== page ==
For Mackenzie McDonald, The End Of Wimbledon Could Be A Beginning
The 23-year-old is in line to become the next star of American tennis.
By Art Spander
WIMBLEDON, England — It was an end for the kid, Mackenzie McDonald, at Wimbledon. But in truth it was a beginning, a strong one, a step forward in a tennis career of possibility.
“He’s going to have a chance to do well,” said Milos Raonic.
He didn’t do that well on Monday. Which wasn’t a surprise. A former finalist, the No. 13 seed, a man with a thundering serve — there was a 138 mph clocking — Raonic beat McDonald, 6-3, 6-4, 6-7, 6-2.
But McDonald did well in his first Wimbledon, getting through the first week, making it to the fourth round, being a part of Manic Monday with the top guns, Roger Federer, Rafael Nadal and Serena Williams.
Which maybe wasn’t a surprise either. “He’s solid from the back,” said Raonic, meaning the backcourt.
“I thought I played some really good tennis this week,” 23-year-old McDonald said in reflection. “Yeah. Just excited. Hopefully it just keeps going.”
McDonald lives and trains in Florida now, at the U.S. Tennis Association complex. But he was born and grew up in Piedmont, Calif., taking lessons from Rosie Bareis and Wayne Ferreira, a 1994 Wimbledon quarterfinalist who is from South Africa but resides in Northern California.
“I used to practice really early in the morning, 6:30,” said McDonald. “Three times a week. I remember in first grade doing it with Rosie. It was a lot of hours. She would sit on a milk carton and drop balls. She was tough on me.”
As we’ve heard, becoming a champion is not easy.
“We had all these running drills,” McDonald remembered. “And jump rope.”
McDonald went to UCLA, won the 2016 NCAA singles champion and then, at 5-foot-10 in a sport with more and more big men, turned pro. As expected, it has been a learning process. Also, against the 6-foot-5 Raonic, a guessing process, wondering where the next ball would land.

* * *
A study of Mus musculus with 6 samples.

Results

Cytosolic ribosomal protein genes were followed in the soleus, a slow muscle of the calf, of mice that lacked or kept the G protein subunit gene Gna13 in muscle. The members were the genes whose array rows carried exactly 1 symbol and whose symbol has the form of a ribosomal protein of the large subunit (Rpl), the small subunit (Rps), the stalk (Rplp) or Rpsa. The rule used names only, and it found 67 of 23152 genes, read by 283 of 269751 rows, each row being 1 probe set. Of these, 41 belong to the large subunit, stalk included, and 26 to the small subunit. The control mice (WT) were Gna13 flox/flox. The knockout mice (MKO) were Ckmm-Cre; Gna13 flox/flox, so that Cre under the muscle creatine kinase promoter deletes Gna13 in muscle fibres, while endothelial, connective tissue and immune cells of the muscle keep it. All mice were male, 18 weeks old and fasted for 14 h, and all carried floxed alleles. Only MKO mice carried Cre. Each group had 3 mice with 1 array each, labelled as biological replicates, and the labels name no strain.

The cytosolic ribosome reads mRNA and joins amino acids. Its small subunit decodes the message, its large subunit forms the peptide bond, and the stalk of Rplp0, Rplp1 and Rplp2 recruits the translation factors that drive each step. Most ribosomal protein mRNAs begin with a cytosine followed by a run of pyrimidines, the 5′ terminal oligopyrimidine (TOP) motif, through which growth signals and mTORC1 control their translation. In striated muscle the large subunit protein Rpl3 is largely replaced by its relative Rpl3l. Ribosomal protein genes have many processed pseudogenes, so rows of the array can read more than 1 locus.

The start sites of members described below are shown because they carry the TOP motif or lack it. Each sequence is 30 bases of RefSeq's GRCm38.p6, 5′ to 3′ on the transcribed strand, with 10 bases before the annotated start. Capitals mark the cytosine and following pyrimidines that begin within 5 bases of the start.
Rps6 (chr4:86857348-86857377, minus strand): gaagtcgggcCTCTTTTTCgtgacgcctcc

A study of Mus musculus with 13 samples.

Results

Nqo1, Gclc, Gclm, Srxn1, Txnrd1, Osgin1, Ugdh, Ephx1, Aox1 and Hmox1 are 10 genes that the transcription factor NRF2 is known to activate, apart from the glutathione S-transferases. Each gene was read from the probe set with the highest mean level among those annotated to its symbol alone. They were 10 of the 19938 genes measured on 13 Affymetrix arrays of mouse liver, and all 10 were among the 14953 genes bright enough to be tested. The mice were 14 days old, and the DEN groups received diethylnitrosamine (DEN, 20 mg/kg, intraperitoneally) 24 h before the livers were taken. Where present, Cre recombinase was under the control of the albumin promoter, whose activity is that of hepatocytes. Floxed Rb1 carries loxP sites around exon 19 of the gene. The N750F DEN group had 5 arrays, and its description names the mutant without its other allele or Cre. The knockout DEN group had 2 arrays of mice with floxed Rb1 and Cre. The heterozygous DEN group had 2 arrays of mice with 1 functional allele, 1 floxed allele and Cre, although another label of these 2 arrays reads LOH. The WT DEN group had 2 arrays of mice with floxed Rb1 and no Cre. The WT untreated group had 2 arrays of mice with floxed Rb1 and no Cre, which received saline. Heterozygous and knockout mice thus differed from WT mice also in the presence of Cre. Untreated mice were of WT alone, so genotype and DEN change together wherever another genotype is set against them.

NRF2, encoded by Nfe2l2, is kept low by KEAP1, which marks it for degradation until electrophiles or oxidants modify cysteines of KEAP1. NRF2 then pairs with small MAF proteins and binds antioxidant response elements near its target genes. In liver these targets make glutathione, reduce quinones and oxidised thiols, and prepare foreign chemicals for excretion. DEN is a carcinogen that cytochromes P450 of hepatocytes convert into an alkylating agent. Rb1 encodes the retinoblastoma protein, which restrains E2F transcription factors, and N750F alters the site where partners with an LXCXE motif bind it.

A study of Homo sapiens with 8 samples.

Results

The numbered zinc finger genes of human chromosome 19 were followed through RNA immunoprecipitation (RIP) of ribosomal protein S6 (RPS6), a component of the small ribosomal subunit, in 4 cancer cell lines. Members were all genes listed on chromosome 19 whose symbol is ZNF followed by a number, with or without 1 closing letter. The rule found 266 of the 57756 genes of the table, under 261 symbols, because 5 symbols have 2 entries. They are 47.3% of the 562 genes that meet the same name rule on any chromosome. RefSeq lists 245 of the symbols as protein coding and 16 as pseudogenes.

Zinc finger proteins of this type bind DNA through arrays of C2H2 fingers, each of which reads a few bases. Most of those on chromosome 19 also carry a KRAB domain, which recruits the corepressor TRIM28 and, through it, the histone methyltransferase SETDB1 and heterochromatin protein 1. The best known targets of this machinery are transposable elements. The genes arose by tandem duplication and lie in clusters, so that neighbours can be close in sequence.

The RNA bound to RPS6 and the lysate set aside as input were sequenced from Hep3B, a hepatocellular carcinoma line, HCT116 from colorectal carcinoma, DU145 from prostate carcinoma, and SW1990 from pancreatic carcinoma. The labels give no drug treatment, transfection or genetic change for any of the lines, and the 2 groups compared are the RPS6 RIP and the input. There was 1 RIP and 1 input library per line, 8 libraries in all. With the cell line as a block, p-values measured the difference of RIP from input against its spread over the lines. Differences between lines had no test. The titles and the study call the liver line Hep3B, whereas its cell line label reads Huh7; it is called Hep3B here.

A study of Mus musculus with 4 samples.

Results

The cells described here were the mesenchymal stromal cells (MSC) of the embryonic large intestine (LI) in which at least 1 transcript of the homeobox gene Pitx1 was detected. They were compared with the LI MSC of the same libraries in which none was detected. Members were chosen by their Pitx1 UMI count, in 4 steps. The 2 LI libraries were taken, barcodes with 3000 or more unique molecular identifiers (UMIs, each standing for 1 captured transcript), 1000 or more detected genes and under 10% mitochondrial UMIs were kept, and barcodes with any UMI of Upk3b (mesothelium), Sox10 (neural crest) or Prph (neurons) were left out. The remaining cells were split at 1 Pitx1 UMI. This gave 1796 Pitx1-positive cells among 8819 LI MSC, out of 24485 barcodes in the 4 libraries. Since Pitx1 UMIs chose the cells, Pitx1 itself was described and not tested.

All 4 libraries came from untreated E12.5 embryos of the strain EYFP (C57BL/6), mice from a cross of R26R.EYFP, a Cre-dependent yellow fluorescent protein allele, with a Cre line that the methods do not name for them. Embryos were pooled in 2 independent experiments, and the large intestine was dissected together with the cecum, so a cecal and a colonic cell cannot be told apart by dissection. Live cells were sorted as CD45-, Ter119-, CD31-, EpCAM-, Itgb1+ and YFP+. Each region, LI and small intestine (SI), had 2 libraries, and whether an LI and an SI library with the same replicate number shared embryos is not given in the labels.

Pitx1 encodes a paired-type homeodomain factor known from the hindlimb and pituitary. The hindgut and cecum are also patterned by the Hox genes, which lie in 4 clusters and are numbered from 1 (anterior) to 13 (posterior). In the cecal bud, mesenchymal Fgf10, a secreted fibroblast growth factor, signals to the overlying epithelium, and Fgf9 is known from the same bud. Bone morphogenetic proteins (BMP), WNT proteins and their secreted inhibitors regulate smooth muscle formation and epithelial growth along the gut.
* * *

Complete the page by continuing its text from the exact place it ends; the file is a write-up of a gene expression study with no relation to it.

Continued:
“Placement and speed,” said McDonald of what makes Raonic’s serves so effective. “Honestly I had never faced a server like that before. I feel like I’m a good returner, but I have never felt so uncomfortable out there returning.
“I didn’t have one break point. I have never played a match where I have never had a break point before.”
It would be like a batter coming up from Triple A and facing Nolan Ryan. A 138 mph serve by Raonic? “I’ve never faced anything like that,” McDonald confirmed.
But he did face it, did make to the second week, did get to drink in the atmosphere on Middle Sunday, when no fans are allowed and the All England Lawn Tennis Club virtually belongs to the contestants.
“Sunday was really cool,” said McDonald. “I hadn’t obviously experienced anything like that. It was nice to have a relaxing day.”
With his name, McDonald would fit in at next week’s British Open golf tournament at Carnoustie, Scotland.
“I’m 25 percent Scottish,” said McDonald about his heritage, “25 percent English and half Chinese.”
The UCLA coach, Billy Martin, a onetime Tour player, told USA Today’s Dan Wolken that he has known McDonald since McDonald was 7 years old and playing in events with Martin’s son. It didn’t hurt that McDonald’s father, Mike, went to UCLA.
A writer asked McDonald whether he or other players took any aspect of Federer’s game after watching the world’s No. 1 player.
“I have learned from him,” said McDonald, “but I haven’t studied him … He’s obviously a great player. He’s efficient, moves well, serves well, does everything the best. So I mean, there is a lot to take from him. I mean, specifically nothing.”
You have or you don’t. Asking others how Federer does it would be like asking how Picasso did it.
How did Mackenzie McDonald do it at his first Wimbledon?
“It’s really a dream come true,” he said. “I hope it’s just a start.”